Counseling Psychology Training Clinic expands portfolio of services
Department-run clinic provides quality service to clients, learning experience for students
In an effort to both expand its outreach to the public and to better prepare students for future success, UW-Madison’s Counseling Psychology Training Clinic is broadening the number of assessment services it is offering.
Parrish Paul, a clinical associate professor with the Department of Counseling Psychology, stresses that the clinic’s primary focus remains on psychotherapy services. But he notes that this desire to bolster assessment was a goal prior to his hiring in the summer of 2011 as the new director of the clinic, which provides confidential counseling, mental health and assessment services for individuals and families in the Madison area. As the name implies, the center is a training facility that’s staffed by licensed faculty members who supervise counseling psychology doctoral and master’s students.
Over the past year the Counseling Psychology Training Clinic has renewed its efforts to offer AD/HD testing and cognitive assessments for those with potential learning disorders, and also conducts psychodiagnostic assessment. The clinic also is starting to offer vocational assessment and career counseling to its menu of services, and soon will be adding evaluations that can identify talented and gifted students.
“I think counseling psychologists, along with other psychologists, are looking to get more training in assessment and we felt that maybe this was an area in which we could strengthen our overall program,” says Paul. “So when we make assessment a bigger part of our program, it adds another level of depth to our students’ preparation that makes them more competitive in terms of finding internships or jobs in the workplace.”
In order to keep costs low, Paul says his students hand score most of the tests, as opposed to using more efficient – but costly – computer or web-based assessment tools.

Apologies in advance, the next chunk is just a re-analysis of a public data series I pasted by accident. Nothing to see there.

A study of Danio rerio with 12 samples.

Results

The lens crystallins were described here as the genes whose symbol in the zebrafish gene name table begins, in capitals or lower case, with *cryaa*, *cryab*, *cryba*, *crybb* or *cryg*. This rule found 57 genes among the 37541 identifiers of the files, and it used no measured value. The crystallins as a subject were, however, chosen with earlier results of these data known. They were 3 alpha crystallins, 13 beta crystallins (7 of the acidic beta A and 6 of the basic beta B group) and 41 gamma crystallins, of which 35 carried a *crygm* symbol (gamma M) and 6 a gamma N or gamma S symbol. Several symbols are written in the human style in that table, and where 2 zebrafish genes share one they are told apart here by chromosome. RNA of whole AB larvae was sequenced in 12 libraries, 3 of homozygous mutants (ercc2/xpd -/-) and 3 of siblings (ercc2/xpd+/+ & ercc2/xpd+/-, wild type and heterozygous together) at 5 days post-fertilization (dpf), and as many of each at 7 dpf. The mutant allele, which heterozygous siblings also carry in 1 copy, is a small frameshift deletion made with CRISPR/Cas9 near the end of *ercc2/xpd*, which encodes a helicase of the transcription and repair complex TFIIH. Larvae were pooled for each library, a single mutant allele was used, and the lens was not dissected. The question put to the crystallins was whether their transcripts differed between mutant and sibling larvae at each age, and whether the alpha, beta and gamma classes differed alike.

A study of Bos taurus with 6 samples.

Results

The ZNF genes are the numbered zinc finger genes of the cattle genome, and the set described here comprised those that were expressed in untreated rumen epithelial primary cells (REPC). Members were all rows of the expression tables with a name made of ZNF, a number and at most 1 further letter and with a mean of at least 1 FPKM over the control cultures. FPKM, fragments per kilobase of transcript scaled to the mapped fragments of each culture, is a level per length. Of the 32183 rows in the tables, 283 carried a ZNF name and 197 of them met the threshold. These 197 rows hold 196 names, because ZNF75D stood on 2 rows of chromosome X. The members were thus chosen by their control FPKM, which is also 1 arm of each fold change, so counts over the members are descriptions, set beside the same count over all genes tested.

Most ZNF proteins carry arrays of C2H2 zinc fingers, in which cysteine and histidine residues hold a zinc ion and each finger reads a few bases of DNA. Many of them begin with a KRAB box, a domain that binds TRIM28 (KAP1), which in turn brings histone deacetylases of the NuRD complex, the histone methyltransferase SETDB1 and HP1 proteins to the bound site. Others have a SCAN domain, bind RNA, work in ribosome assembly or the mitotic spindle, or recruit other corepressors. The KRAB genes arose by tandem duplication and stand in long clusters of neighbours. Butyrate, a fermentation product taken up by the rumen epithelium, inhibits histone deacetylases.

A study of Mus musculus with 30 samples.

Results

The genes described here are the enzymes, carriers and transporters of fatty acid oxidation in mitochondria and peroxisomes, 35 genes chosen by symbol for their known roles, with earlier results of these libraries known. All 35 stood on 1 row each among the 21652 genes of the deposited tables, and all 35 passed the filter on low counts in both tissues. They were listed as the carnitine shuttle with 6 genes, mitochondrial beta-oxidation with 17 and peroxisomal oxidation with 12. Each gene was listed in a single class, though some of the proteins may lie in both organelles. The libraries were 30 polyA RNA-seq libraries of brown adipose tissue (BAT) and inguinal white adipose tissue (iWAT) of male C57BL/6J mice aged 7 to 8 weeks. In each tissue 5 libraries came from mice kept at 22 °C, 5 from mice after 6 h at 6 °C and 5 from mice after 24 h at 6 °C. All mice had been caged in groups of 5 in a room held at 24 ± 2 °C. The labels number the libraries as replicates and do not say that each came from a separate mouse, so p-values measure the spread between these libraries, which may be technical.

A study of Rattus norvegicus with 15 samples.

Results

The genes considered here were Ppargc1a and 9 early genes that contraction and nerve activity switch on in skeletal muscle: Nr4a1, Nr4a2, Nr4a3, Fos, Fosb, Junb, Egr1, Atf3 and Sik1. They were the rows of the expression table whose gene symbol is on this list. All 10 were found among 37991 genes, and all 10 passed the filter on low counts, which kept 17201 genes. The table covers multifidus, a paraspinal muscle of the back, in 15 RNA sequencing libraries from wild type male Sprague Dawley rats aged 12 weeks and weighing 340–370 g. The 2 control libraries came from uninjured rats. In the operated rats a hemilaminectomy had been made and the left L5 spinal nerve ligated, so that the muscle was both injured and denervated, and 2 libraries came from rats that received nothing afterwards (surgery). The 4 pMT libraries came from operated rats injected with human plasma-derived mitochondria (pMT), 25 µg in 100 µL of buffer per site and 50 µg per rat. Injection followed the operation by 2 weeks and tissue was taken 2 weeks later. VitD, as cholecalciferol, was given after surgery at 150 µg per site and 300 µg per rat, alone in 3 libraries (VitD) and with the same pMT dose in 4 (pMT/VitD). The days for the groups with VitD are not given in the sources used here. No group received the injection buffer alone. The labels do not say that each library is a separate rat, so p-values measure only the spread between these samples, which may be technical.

“That would be a dream to make things more computerized, but I think the students also learn quite a lot from hand-scoring the assessments,” says Paul.
Despite this push to broaden its assessment services, Paul says that the clinic’s psychotherapy services remain the focal point, with clinic staff being trained to help individuals, couples, families and groups with a range of issues; from anxiety, depression and anger management, to sexual orientation/identity, family counseling and much more.
Fourteen doctoral and six graduate students currently staff the training facility, with the center typically providing between 30 and 50 hours of psychotherapy and assessment services per week during the academic year. And although Paul is the only faculty member who is assigned to the clinic on a full-time basis, he notes that all faculty members within the Department of Counseling Psychology play a role in helping out with the training center.
In an effort to equip students with the skills and support needed to provide professional psychological services, the training model used within the clinic includes live supervision or observation of counseling sessions. These sessions also are recorded for training purposes, with those seeking services being made aware of all these facts before being helped.
And before students are allowed to see actual patients at the center, they first must complete a sequence of classroom learning and face-to-face preparation with volunteers who are not real clients.
“When they get to the clinic they are working to refine their basic skills and to put their theoretical and conceptual understandings to work,” says Paul, who notes that the students are provided feedback on how they are doing by both individual supervisors or from a group of peers who discuss what they’ve observed while watching each other in action.
“There are a lot of feedback loops that can really help the students,” says Paul.
When asked who gets more out of the Counseling Psychology Training Clinic – the patients who seek services or the students who learn from the experiences -- Paul says it’s a win-win for all
“The bottom line is we’re going to make sure the client gets quality, competent and ethical services,” he says. “There’s no doubt that our students learn a lot and a co-goal of the clinic is to train our students. But serving the clients is always the top priority.”
The Counseling Psychology Clinic is open Mondays, Wednesday and Thursdays from 3 to 7 p.m., and is located in room 312 of UW-Madison’s Educational Sciences Building, 1025 W. Johnson St. Assessments can sometimes be scheduled during different hours.
The clinic, in its efforts to keep services affordable for all, charges clients based on a sliding scale linked to one’s income.
Services are not available at the training center for emergency crisis intervention, due to the fact that the clinic is only open three days per week. The training clinic also doesn’t prescribe medication. Those in need of services unavailable through the clinic are referred to local professionals, agencies or hospitals that can help.
To make an appointment, or for more information, call 608-265-8779 or visit the clinic’s website.